English, Korean, French, Arabic, Berber, Spanish, and Turkish Oh My

Below is a story from a recent short-term art as mission trip we took from our US office to support long-term work in North Africa. One of our trip participants shares some of his experience with a new, different culture. 

The United States tends to be solidly monolingual.

Sure, you’ll sometimes encounter Spanish and if you’re in the right places, you can find some speakers of other languages (Italian in New York or French/Creole in Louisiana, for example).

Generally speaking, however, Americans speak English and that’s about it.

Yet in the course of a single day in North Africa, I witnessed as many as seven distinct languages being spoken.

One of my friends and I randomly broke out in Spanish conversation when we felt inclined, so that accounts for the Spanish. My friend also occasionally decided to start speaking to me only in Turkish when he wanted to be difficult or amusing, so that accounts for the Turkish. As for the English, that one is a bit obvious.

As for the rest….

Our day started with a prayer meeting and worship session with a Korean team of missionaries. This was one of the most amazing and powerful things I have ever encountered. As we gathered to fellowship and pray in their living room, all who were present spent some time pouring out their hearts to God. The Korean team prayed in Korean while we prayed in English. It occurred to me then that, while we might be separated and divided by culture, language, background, and experience, we were united by something far deeper, more important, more meaningful, and more lasting.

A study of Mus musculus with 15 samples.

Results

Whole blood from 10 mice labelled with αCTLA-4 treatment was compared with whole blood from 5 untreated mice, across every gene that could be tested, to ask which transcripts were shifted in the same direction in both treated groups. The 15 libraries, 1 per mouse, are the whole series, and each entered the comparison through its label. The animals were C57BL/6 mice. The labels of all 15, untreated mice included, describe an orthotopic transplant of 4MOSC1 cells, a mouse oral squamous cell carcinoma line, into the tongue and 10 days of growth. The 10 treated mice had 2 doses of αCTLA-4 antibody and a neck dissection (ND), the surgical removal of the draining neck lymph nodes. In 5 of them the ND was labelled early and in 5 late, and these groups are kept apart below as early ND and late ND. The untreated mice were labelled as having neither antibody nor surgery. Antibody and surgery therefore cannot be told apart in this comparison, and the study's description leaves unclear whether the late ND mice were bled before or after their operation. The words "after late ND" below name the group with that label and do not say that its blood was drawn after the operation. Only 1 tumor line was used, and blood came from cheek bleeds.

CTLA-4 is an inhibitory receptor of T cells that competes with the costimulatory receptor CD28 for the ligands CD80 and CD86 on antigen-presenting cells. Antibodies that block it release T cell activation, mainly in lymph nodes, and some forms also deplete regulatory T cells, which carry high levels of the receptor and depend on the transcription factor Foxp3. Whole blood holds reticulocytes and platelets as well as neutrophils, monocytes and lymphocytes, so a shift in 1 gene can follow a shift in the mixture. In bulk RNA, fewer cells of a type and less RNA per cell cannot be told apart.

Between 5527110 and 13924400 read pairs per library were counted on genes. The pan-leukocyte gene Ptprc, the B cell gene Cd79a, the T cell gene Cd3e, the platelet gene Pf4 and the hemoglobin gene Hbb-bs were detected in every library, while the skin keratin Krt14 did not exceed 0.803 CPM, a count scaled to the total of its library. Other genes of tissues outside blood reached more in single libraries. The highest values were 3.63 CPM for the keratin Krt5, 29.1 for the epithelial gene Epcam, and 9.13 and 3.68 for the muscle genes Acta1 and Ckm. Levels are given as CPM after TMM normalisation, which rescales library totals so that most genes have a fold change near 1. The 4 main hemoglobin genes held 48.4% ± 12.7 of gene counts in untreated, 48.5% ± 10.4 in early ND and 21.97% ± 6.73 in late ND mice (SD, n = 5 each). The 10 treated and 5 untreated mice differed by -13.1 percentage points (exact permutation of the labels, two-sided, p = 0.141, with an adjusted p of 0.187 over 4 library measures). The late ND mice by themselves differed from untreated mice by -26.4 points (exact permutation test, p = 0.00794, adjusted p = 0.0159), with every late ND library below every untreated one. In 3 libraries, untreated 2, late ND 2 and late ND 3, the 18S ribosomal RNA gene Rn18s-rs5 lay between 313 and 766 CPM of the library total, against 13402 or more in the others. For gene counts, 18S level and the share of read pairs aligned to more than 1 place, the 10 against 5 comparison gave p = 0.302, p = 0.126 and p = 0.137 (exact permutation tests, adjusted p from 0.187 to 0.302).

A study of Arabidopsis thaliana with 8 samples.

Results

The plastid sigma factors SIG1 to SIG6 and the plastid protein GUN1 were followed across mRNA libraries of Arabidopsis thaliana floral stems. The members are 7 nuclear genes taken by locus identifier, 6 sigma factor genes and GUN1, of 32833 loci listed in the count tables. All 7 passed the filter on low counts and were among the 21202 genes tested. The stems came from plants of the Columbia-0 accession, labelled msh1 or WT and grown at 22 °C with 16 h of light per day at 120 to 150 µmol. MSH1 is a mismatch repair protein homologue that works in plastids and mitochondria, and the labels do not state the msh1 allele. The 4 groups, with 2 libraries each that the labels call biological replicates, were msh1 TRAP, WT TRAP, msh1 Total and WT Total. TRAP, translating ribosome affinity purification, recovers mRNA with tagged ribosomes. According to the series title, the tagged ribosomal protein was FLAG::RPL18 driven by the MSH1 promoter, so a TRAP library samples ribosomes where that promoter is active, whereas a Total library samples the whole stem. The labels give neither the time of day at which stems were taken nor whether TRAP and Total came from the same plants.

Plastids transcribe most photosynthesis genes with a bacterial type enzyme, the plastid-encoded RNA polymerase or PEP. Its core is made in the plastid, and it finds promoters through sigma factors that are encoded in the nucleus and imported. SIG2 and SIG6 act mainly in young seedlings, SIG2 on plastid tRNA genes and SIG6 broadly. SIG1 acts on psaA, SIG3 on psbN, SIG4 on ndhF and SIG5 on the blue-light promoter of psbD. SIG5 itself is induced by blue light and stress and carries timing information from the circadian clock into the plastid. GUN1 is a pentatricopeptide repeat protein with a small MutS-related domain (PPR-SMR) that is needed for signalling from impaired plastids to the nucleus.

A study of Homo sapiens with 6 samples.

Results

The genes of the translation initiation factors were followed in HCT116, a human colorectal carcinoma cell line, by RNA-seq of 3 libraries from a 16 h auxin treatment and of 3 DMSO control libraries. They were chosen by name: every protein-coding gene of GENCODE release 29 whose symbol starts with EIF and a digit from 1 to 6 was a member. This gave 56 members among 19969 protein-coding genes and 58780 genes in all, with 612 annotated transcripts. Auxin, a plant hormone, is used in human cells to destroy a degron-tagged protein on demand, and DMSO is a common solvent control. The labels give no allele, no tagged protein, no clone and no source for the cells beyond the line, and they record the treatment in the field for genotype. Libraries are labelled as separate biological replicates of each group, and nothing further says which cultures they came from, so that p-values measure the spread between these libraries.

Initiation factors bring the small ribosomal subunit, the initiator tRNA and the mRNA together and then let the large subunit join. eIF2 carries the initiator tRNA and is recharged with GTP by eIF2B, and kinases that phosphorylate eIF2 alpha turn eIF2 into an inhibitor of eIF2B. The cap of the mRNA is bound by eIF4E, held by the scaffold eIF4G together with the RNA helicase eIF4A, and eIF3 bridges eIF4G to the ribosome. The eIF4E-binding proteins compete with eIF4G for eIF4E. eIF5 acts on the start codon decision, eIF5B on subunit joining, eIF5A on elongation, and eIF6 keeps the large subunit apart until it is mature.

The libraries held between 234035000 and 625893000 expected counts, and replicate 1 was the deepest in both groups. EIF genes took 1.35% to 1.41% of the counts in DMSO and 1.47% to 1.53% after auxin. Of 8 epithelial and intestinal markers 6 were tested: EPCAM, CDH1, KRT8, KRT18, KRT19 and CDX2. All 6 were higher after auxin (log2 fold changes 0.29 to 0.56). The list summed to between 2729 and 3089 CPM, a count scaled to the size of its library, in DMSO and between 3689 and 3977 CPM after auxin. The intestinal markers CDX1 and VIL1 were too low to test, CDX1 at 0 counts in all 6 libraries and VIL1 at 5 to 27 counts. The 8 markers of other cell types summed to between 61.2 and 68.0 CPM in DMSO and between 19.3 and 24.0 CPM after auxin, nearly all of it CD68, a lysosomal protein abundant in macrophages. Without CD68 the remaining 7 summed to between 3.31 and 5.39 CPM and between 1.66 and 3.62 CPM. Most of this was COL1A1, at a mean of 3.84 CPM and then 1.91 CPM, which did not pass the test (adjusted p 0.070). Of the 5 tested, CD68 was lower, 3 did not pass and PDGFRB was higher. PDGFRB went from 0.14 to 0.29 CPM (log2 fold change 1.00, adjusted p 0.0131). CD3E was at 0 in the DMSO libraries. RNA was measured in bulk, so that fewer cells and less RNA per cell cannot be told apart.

From the Korean team’s apartment, we went to a nearby language school. There we spent time speaking with local students who were learning English. These students came from all different regions, which meant they spoke French, Arabic, and multiple local dialects. They were studying a wide variety of subjects and were all different ages from varied backgrounds- a 23 year old biology major from the mountains, a 19 year old law student who grew up in a big city, an almost 30 year old woman back in school for the second time majoring in general studies.

Each had also attained a different level of English fluency. In interacting with the students, I had some of the most genuinely pleasant conversations I’d had in a while. Many of them were excited to meet “real Americans”. They went to great lengths to make sure that we were happy in North Africa. They assured us that their homes were our homes, that they would do anything to ensure that we were entitled to the benefits of North African hospitality.

It hit me at one point that we were the first Americans many of these students had ever met and that, in spending time with them, were were forming and shaping their perspectives and assumptions regarding American culture and Americans as a whole. No pressure, right?

Our time at the language school was, in my opinion, the best part of the trip. I made new friends, real friends; people with whom I would like to stay in touch, and people who I would enjoy going back to visit again. I was in more selfies in a single day than I had been in over the course of my entire life previously. I had the opportunity to show others what it means to be an American and, more importantly, what it means to be a follower of Christ. This is because I met and interacted with those who had potentially never met a Christian before.

Something about the implications and weight that go along with being the first, the one who makes an impression and helps form perceptions, was special to me. In demonstrating a loving and Christ-like attitude, even in small ways, we were planting seeds that may eventually be harvested years from now. That is, after all, the purpose of our mission and this trip.